The name Leonardo DiCaprio seems to be a little bit golden when it comes to the Golden State and tax incentives for film and television.
The Oscar winner saw the Quentin Tarantino directed Once Upon A Time In Hollywood, in which DiCaprio co-stars with Brad Pitt, awarded over $18 million from California’s $330 million annual incentives program in 2017. Now DiCaprio’s Appian Way shingle has been allocated $18.5 million for a live action version of Akira from Warner Bros.
Having gestated for a number of years, The Departed star produced adaptation of anime artist Katsuhiro Otomo’s 6-volume classic graphic novel was among 18 feature films that were unveiled today as successful recipients of the last round of allocations from the state and the California Film Commission.
“We are thrilled with the opportunity to shoot Akira in California,” said Ravi Mehta, Warner Bros. Pictures EVP of physical production and finance on Tuesday of the film and the tax credits it has been awarded. “The availability of top-notch crew members, plus the wide variety of location choices and predictable weather are second to none,” the exec added of the upcoming project.
Eager to display that the 13th big budget film to receive tax credits since the program was expanded back in 2014 is a good financial bet, the CFC reckons Akira will create a total of $92 million in spending in Cali during production – which is serious cash all round.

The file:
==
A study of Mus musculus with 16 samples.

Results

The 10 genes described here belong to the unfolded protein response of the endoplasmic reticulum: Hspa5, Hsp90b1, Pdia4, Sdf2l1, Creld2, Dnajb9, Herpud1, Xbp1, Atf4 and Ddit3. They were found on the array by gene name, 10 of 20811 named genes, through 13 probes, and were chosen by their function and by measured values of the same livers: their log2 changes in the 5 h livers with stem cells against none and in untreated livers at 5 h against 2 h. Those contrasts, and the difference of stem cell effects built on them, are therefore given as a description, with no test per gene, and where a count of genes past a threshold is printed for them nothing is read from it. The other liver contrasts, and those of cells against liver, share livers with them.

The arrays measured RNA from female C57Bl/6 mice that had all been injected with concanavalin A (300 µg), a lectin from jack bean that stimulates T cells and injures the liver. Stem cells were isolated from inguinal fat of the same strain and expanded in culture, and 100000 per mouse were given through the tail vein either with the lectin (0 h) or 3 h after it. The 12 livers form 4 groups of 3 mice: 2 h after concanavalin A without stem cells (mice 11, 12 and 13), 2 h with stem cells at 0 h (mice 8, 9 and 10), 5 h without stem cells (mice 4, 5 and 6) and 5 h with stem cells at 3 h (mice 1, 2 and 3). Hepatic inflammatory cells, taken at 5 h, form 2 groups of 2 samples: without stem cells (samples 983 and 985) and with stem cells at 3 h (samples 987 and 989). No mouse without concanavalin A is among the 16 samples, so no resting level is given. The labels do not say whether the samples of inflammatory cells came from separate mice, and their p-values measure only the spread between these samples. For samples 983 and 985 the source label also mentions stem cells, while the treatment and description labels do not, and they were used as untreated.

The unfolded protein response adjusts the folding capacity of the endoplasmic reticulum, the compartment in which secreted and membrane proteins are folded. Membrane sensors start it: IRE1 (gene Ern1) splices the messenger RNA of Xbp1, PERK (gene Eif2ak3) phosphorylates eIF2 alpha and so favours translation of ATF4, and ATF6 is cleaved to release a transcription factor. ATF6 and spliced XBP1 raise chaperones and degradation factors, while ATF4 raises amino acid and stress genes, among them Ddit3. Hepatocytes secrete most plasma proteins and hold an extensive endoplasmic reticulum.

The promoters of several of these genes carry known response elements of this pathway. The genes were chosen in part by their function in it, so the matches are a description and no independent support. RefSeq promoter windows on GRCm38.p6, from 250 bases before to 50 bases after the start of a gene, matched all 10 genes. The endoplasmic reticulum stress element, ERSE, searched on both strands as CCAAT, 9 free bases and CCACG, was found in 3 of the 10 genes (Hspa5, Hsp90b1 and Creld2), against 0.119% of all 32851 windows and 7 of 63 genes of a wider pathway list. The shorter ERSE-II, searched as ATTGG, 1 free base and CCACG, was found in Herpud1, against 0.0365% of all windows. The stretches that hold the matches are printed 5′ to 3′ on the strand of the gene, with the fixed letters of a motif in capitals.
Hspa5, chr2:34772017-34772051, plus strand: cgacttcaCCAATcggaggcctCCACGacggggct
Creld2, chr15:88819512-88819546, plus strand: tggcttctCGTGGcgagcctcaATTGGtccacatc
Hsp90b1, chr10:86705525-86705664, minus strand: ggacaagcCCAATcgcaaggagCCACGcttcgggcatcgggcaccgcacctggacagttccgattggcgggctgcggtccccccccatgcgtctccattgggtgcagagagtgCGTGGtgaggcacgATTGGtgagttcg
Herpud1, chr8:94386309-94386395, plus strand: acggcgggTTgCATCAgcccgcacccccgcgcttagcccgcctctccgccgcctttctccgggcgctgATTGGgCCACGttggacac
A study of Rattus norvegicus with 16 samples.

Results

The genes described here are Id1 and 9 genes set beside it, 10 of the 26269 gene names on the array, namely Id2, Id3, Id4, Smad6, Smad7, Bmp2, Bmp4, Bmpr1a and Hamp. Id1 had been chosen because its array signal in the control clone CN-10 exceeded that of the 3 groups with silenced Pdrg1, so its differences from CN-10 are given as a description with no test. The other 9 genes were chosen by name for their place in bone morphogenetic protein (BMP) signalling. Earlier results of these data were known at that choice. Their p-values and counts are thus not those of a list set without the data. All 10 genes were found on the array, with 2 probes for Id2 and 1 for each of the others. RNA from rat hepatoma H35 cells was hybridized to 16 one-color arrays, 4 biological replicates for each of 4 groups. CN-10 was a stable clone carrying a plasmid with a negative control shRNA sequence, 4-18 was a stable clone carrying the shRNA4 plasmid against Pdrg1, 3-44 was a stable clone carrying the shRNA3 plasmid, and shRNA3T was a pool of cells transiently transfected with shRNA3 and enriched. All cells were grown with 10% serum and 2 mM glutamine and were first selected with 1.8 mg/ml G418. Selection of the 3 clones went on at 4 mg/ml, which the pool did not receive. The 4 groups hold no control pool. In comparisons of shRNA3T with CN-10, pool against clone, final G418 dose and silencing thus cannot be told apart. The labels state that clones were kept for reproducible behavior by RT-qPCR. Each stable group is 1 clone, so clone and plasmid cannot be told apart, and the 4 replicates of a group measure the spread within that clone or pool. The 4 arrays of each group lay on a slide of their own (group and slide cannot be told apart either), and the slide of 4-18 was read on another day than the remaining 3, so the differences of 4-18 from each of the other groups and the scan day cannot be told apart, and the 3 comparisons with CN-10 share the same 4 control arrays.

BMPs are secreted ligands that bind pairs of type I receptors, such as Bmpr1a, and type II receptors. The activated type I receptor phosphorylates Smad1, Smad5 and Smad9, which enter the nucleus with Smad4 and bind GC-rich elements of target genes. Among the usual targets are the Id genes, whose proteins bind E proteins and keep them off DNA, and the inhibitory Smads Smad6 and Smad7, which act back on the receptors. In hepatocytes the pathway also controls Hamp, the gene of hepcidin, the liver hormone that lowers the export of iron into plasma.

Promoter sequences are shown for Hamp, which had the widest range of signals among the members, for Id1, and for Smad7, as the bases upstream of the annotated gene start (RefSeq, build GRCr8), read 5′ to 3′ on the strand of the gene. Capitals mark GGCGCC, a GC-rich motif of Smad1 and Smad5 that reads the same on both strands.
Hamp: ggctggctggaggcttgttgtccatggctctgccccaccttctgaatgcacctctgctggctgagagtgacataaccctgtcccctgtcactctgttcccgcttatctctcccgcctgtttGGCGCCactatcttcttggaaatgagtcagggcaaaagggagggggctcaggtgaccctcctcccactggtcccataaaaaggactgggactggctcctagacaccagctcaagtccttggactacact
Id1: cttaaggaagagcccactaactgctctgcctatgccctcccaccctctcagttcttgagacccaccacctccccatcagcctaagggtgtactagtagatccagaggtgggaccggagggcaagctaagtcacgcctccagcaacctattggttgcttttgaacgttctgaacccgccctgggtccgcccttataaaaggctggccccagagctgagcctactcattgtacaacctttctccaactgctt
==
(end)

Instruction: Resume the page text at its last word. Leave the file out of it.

In full, the math for this latest round of awards for the 18 films is estimated to generate about $408 million in what the CFC call “qualified expenditures.”
Set to film entirely in the Golden State, the also Andrew Lazar produced Akira itself is estimated to generate $43 million in wages to 200 below-the line crew members and more than 5,000 extras during its 71 days of filming. Having seen his name floated around in the past in connection to the project, Thor: Ragnarok director Taika Waititi is still on-board to helm Akira, I hear.
BTW, though that $18.5 million that Akira has been allocated is a pretty nice chunk of change from the state, it is not actually the most that California has handed out to a pic since the tax incentives program started accepting applications from tentpole projects five years ago. So far, the two spots belong to the Transformers spinoff Bumblebee and the LeBron James starring Space Jam 2 with $22.4 million and $21.8 million in credits respectively.
Of course, that could change after the next round of big screen applications are digitally submitted from June 17-21 this year. In terms of the small screen, the next application period for TV projects is May 20-24, with the allocations expected to be announced some time in late June or early July.